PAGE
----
This is the second in a set of blog posts sharing some of the perspectives and knowledge of AILA staff members on racism and injustice.
I am the mother of a brilliant young black adult male. His name is Dominick and I love him so very much. He has this beautiful dark curly hair that smells like coconut milk. When he smiles, his eyes disappear in his cheeks and his smile becomes so contagious that you can’t help but smile back at him. When he was little and we were out and about, I would constantly get compliments about how cute and adorable my Dominick was…but soon those “cute” compliments faded and none of the above-mentioned would matter because to far too many people, the first and possibly only thing that mattered was that he is BLACK.
Raising a black boy is a scary blessing. It is like a big countdown from when your child grows from this cute little person into a threatening weapon. Even though my black child hates violence, may not believe in carrying weapons, or even fighting. In fact, he is the one that calms me down in the grocery store parking lot when someone steals my spot. The sheer amount of melanin in his skin will make him a threat in almost every circumstance of his entire life.
I oftentimes wished I could have slowed time down. Not only because I wanted to cherish the sweet moments of his childhood, but also because I knew that it would only be a matter of time before I could no longer protect this beautiful black boy from the ignorant people that will see him as a weapon of mass destruction only because of his skin color.
I worried that I would not be able to protect him from those that fear him. Worried that he would be the next hashtag of an unarmed black boy dead due to a white person’s fear and ignorance.
So to protect him, I stole his innocence at a very young age. I had to have “the talk” with Dom. You know “the talk” that I am referring to…and if you don’t know about “the talk” then that’s part of the problem.
- If ever stopped by police always keep your hands where they can see (preferably at “10 and 2”);
- Always ask the officer if you may reach in your wallet for your license;
- Keep your registration in the pouch on the dashboard. (purchased on Amazon the day he got his license);
- NEVER EVER reach for anything the officer didn’t ask for (phone, brush, pen, pencil, inhaler);
- “Yes sir,” “no sir” – “yes ma’am,” “no ma’am”:
- Use proper English and NEVER use slang terms;
- Always keep your voice low and modest;
- Never argue with an officer even if he is wrong. Your job is to make it home to me. When you get home, we can fix whatever comes after that.
The talk is about how it doesn’t matter how good of a person he is, how smart he is, how caring he is—he is still a black person in America and black people are seen as lesser than and scary to others and the police.
Black people are most likely to be killed by police officers.
- AND…Police killed 1,099 people in 2019 and black people were 24% of those killed despite being only 13% of the population.
- ALSO…Police are 3x more likely to kill a black person than a white person despite the fact that black people are 1.3x more likely to be unarmed compared to white people.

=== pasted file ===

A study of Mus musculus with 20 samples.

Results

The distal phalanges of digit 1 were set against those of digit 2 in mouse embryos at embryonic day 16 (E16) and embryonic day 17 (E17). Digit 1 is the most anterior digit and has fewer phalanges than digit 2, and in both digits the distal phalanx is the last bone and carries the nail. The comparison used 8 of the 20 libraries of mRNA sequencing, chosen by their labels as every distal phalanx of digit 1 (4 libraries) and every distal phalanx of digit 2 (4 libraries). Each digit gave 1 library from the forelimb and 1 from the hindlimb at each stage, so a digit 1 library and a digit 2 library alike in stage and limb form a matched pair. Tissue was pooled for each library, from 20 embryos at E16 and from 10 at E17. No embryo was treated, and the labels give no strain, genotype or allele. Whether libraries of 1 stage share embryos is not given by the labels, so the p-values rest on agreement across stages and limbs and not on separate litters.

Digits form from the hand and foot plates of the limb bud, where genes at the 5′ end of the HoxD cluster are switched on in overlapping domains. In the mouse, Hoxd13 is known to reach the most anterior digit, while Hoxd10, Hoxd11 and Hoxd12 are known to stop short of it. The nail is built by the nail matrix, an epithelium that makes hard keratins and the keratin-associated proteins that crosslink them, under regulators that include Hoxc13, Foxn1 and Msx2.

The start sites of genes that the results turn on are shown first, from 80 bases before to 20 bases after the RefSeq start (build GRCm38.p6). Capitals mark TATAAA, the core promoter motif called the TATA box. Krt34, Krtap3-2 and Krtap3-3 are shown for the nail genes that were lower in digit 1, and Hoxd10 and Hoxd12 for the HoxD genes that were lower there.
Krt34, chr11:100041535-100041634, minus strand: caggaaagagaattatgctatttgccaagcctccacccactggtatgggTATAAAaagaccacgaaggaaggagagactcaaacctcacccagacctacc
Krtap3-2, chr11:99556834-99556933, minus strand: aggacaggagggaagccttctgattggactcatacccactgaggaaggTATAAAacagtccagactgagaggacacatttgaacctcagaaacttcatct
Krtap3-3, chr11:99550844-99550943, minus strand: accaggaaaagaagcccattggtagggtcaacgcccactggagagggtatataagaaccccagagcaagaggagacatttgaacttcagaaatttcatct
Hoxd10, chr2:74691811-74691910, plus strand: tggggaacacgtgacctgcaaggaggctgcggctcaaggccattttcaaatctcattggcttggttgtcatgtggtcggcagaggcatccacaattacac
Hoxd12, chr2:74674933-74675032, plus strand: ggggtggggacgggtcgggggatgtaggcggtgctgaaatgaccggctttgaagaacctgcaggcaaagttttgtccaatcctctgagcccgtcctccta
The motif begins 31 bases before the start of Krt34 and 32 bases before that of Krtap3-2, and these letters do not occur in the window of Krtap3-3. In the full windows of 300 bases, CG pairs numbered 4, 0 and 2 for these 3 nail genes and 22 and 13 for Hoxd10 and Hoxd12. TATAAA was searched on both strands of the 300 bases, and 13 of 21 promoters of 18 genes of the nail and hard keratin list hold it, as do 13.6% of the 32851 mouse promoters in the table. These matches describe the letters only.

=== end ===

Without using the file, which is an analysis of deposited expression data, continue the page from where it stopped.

Unarmed and black can be a death sentence in his own country.
I did not want to scare Dom. I did not want to see his innocence stripped away from him as I told him about this cruel reality. I wish I did not have to have this conversation with my amazing son. But how could I not have this conversation when it is the only thing I could do to possibly save his life?
Nonblack people will oftentimes say to me, “I can’t imagine how you must feel.” I cannot speak for all black mothers, but this does not make me feel better. Please stop saying this to me. To be reminded of the fact that you have the luxury of not having these feelings does not make me feel better. If you had to feel what black people have had to feel for so many years, the problem would have been eradicated by now. That’s kind of the point of BLACK LIVES MATTER. I am not mad at you for not having to feel it. I am happy for you because I wouldn’t wish this on an enemy of mine but being reminded that you don’t have to go through this just doesn’t make me feel better.
Words can’t even begin to describe the confusion of pain and emotions that I feel but I will say this:
I am extremely proud of Dom and the man that he has become. I love his mocha brown skin and curly black hair as much today as I did when he was little. Those are things that I gave him! However, the same things that I love about him, the very things that I gave him, are the things that make others see him as a weapon. That scary, proud, angry, hurt, guilty, and shameful confusion of feelings are with me every day, not just when a black person is killed, and we find out about it. Now don’t get me wrong, I wouldn’t change a curly hair on his head, but there’s this small part of me that can’t help but feel guilty and ashamed for bringing him into a world where he is hated for the very thing that “I” gave him–the color of his skin.
If you can begin to unpack that kind of parental shame and guilt, then maybe you can begin to imagine how I feel.
Black Lives Matter. Words have power. You have to say it to mean it.